Here's the truth: People, even regular people, are never just any one person with one set of attributes. It's not that simple. We're all at the mercy of the limbic system, clouds of electricity drifting through the brain. Every man is broken into twenty-four-hour fractions, and then again within those twenty-four hours. It's a daily pantomime, one man yielding control to the next: a backstage crowded with old hacks clamoring for their turn in the spotlight. Every week, every day. The angry man hands the baton over to the sulking man, and in turn to the sex addict, the introvert, the conversationalist. Every man is a mob, a chain gang of idiots.I would just add that this is also essentially when we do when we condition ourselves into habits that we want for ourselves--setting aside time to write, going to the gym, whatever it is.
"This is the tragedy of life. Because for a few minutes of every day, every man becomes a genius. Moments of clarity, insight, whatever you want to call them. The clouds part, the planets get in a neat little line, and everything becomes obvious. I should quit smoking, maybe, or here's how I could make a fast million, or such and such is the key to eternal happiness. That's the miserable truth. For a few moments, the secrets of the universe are opened to us. Life is a cheap parlor trick.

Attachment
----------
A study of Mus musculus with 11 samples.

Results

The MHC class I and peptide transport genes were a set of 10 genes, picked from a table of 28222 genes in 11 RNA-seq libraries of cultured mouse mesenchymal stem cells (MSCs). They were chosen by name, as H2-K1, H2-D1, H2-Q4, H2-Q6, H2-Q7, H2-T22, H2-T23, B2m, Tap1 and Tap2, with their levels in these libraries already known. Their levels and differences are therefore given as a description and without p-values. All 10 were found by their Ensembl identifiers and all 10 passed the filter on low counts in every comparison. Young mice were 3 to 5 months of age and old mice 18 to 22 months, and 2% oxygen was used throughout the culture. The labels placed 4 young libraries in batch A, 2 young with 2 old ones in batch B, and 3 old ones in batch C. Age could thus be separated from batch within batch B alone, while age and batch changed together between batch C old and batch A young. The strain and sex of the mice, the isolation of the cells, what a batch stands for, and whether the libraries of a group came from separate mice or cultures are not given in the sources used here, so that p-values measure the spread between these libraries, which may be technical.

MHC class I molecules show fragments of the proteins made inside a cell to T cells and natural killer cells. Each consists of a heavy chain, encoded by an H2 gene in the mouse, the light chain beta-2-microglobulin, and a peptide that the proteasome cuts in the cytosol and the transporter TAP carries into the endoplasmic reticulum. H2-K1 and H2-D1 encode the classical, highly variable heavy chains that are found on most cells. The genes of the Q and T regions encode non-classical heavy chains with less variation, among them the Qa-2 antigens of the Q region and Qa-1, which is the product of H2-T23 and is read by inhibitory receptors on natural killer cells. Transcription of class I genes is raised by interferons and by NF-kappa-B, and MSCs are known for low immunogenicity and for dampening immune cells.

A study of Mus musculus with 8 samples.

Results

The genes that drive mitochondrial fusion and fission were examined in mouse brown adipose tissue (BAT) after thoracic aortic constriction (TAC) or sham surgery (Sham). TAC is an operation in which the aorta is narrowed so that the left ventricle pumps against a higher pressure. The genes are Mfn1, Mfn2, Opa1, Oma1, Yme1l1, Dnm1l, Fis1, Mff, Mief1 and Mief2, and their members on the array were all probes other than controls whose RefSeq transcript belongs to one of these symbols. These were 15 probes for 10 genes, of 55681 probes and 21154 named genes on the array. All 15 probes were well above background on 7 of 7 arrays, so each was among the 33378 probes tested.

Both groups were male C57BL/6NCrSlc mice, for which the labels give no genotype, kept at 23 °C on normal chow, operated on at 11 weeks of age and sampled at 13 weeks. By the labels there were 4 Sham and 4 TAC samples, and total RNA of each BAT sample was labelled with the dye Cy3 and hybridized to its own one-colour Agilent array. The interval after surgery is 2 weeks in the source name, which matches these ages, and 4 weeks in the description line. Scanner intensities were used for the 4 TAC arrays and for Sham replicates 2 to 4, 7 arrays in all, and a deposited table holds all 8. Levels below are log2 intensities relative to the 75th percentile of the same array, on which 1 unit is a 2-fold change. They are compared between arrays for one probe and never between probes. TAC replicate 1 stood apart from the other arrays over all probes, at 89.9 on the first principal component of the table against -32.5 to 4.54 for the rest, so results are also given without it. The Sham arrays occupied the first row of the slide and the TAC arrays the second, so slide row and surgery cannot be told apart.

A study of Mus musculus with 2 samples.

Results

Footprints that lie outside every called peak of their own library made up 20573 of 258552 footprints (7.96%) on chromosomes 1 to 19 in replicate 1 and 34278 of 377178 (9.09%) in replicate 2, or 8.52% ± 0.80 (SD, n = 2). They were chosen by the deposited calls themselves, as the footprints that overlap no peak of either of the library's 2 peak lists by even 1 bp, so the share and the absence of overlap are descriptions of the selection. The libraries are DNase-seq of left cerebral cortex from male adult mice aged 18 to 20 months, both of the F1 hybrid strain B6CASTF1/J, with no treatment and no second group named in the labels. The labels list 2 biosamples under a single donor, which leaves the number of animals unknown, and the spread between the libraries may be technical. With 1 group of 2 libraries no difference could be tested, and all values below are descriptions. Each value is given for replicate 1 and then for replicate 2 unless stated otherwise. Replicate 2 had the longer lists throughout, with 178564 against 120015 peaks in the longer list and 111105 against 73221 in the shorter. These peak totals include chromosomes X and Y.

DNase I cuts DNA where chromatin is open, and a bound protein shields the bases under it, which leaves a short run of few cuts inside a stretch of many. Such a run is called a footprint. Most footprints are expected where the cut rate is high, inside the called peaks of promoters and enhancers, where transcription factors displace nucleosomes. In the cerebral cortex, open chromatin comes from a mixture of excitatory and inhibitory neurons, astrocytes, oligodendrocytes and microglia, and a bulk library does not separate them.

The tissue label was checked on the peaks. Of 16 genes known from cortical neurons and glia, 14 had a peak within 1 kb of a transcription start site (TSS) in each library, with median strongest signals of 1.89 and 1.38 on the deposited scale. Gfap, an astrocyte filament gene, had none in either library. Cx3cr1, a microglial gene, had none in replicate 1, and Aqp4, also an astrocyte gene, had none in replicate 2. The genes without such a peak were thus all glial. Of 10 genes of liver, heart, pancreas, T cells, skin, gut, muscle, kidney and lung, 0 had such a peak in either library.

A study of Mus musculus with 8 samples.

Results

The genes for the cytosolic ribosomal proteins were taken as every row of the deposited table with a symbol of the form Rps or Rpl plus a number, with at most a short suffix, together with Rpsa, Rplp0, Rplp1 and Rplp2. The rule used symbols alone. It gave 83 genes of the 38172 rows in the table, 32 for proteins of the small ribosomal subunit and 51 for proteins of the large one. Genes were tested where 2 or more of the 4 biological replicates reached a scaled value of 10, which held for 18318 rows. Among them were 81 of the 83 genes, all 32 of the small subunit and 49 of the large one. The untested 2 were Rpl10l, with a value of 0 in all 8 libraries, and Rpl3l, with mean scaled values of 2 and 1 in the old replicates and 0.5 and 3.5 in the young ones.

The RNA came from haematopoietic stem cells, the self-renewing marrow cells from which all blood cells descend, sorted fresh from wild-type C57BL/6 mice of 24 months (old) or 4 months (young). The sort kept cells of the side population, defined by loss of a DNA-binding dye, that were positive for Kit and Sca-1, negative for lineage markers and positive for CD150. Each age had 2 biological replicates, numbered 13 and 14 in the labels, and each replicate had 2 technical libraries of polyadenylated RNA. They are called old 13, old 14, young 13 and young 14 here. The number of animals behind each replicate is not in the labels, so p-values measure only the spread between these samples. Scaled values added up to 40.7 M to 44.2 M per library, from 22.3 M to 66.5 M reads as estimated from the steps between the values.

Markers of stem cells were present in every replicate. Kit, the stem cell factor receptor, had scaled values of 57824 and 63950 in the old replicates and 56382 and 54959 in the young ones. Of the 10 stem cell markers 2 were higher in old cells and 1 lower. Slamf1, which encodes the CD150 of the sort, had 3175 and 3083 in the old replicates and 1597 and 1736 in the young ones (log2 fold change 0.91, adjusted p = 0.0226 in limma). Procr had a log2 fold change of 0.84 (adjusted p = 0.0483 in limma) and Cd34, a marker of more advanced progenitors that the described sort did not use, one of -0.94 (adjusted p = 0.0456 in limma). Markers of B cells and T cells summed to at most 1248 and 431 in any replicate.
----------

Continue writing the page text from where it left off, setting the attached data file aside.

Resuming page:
"But then the genius, the savant, has to hand over the controls to the next guy down the pike, most likely the guy who just wants to eat potato chips, and insight and brilliance and salvation are all entrusted to a moron or a hedonist or a narcoleptic.
"The only way out of this mess, of course, is to take steps to ensure that you control the idiots that you become. To take your chain gang, hand in hand, and lead them. The best way to do this is with a list.
It's like a letter you write to yourself. A master plan, drafted by the guy who can see the light, made with steps simple enough for the rest of the idiots to understand. Follow steps one through one hundred. Repeat as necessary."
Sunday, March 6, 2011
Making a List
When I was writing yesterday's entry or, for that matter, when I was talking to the young man in question, I also had kicking around in my head a passage from a short story that I once read on a DVD. The movie was Memento, written and directed by Christopher Nolan, and the short story was called "Memento mori," written by his brother Jonathan. They had come up with the basic premise on which both the story and the film were based (if you haven't seen the film, you're missing out). Anyway, this passage stood out for me because I think it's on to something.